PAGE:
The high cost of health care is a common topic these days. But what about the higher cost of not caring for yourself?
What Should You Really Ask?
Years ago I bought a motorcycle on a whim. Another doctor at LaFollette Eye Clinic rode one, and I thought it might be fun to have one myself.
But I did not ride on a whim. As soon as I got it, I enrolled in a motorcycle training academy. I wanted to learn the rules of the road and more importantly, how to ride safely.
During a classroom session, the instructor reviewed different types of helmets. After discussing the pros and cons of each type, he finished the lesson. He never mentioned how much any of them cost. After class, a man wanted to know how much he should spend on a helmet.
Immediately, the instructor asked, “How much is your head worth?”
A Different Approach
The instructor had a good point. The man asked the wrong question. He wasn’t concerned with what the helmet did (protect his head from injury) as much as wondered how much it would cost.
Now, I can be frugal. I don’t like to spend unnecessarily. But I’m rarely in search of the cheapest option. What I prefer is value. There’s a difference.
Cheap = I spend as little as possible.
Value = I get the best for the most reasonable cost.
Many people make the same mistake as my classmate when they ask about the cost of eye care and eyewear. Instead of considering what eye care actually is (and what their eyes do for them), they seek cheaper options.
And yes, cheaper options exist. Free eye exams, free glasses, cheap products and services have flooded the market. Now ask yourself: Is this really what you want for life’s most precious sense?
Check out the following examples where cheap actually meant worthless:
- Roofing: I knew a man who bought the cheapest of everything. When he needed a new roof, he only considered price when he decided who would get the job. You can guess what happened next: the roofer didn’t install flashing, and his new roof leaked terribly. It caused thousands of dollars of damage to the interior of his home.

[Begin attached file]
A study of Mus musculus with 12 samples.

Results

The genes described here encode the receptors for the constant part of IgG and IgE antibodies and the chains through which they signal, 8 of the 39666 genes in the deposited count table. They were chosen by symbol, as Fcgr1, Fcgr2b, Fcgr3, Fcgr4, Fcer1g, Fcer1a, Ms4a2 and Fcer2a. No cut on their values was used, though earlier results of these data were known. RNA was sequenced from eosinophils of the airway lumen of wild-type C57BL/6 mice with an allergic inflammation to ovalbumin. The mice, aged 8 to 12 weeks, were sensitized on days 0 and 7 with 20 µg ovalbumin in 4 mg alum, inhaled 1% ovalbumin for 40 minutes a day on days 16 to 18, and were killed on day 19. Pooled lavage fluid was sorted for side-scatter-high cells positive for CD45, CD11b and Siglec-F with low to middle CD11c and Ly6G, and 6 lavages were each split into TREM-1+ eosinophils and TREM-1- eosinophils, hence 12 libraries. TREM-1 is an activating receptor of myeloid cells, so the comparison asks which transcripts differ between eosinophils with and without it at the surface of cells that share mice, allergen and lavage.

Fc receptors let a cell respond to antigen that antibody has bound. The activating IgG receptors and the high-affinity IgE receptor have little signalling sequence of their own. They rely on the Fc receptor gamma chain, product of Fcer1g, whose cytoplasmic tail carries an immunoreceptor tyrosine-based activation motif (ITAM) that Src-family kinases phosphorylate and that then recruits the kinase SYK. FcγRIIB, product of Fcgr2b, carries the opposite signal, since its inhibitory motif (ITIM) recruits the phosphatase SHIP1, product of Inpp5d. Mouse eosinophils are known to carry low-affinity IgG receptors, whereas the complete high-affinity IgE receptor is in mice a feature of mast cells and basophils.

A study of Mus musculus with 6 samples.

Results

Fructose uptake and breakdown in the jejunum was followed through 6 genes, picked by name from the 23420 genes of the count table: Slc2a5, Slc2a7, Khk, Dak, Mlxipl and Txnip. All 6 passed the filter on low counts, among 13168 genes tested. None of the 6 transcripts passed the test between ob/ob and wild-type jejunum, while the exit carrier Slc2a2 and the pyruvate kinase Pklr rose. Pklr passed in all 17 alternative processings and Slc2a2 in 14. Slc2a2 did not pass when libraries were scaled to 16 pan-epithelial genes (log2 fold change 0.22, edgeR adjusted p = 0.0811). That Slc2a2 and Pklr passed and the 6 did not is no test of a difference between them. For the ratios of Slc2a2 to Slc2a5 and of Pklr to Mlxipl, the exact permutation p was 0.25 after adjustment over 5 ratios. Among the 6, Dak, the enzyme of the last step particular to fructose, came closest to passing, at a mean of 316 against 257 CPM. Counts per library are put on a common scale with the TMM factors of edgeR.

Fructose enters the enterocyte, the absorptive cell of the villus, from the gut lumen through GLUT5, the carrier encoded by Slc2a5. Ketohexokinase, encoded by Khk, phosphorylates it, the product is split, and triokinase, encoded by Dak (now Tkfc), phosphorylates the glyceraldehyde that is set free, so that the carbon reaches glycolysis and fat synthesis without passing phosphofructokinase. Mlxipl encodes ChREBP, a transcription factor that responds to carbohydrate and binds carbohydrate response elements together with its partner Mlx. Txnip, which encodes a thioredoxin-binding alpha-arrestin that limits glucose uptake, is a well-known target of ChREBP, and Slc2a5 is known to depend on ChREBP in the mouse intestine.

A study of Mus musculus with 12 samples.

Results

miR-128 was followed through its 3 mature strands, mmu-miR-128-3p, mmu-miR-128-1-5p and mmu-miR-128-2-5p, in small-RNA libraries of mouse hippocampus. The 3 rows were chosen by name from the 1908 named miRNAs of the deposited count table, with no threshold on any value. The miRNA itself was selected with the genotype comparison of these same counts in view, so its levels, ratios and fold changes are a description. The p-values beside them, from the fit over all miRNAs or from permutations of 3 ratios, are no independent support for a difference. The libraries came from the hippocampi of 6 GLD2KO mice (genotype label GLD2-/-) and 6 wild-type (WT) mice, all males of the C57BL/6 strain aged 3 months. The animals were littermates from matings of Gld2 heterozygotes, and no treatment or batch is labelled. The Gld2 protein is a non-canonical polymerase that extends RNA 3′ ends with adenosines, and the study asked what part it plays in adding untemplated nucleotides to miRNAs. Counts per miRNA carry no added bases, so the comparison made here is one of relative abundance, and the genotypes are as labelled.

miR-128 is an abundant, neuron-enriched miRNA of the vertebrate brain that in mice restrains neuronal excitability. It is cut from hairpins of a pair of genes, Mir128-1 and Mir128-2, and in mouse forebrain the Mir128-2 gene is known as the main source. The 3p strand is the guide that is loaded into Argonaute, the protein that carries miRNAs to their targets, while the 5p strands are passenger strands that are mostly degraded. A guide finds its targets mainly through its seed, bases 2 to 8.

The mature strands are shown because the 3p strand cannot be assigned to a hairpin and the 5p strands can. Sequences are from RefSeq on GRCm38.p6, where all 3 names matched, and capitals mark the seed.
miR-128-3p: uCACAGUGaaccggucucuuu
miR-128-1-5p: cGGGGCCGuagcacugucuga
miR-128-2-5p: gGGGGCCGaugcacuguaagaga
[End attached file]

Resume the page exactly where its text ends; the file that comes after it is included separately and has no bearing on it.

- Accessories: Rather than save up for a luxury handbag she wanted, a friend decided to buy a knockoff. She found a man willing to sell her a fake bag for a cheap price, but when she took her money out, he grabbed it and ran.
- Air travel: Some airlines charge lower fares yet still provide value. Others, not so much. Once, I decided to fly a bargain airline that promised lower fares. They delivered, but only on the fare. Additional “service fees” quickly added up. And, I had the worst flying experience of my life.
- Eyewear: I know a lady who hates her eyewear. This is something she wears on her face every day! I noticed she had chosen a basic frame and lens set. But when I suggested she buy a new (and better) pair, she refused on the grounds that her vision plan wouldn’t pay for it. See this post to find out what happened next.
I understand the need to save on costs. But I also know the pitfalls of choosing low cost over value. So the next time you wonder about the cost of eye care and glasses, ask instead: How much are your eyes worth?
If you’re living the visual lifestyle, you already know: bargain basement prices are great if you’re buying a pair of pants. But not so much if you’re talking about clear vision and healthy eyes for a lifetime.
Question: When did you choose cheap and regret it? Please tell me about it in the comments below.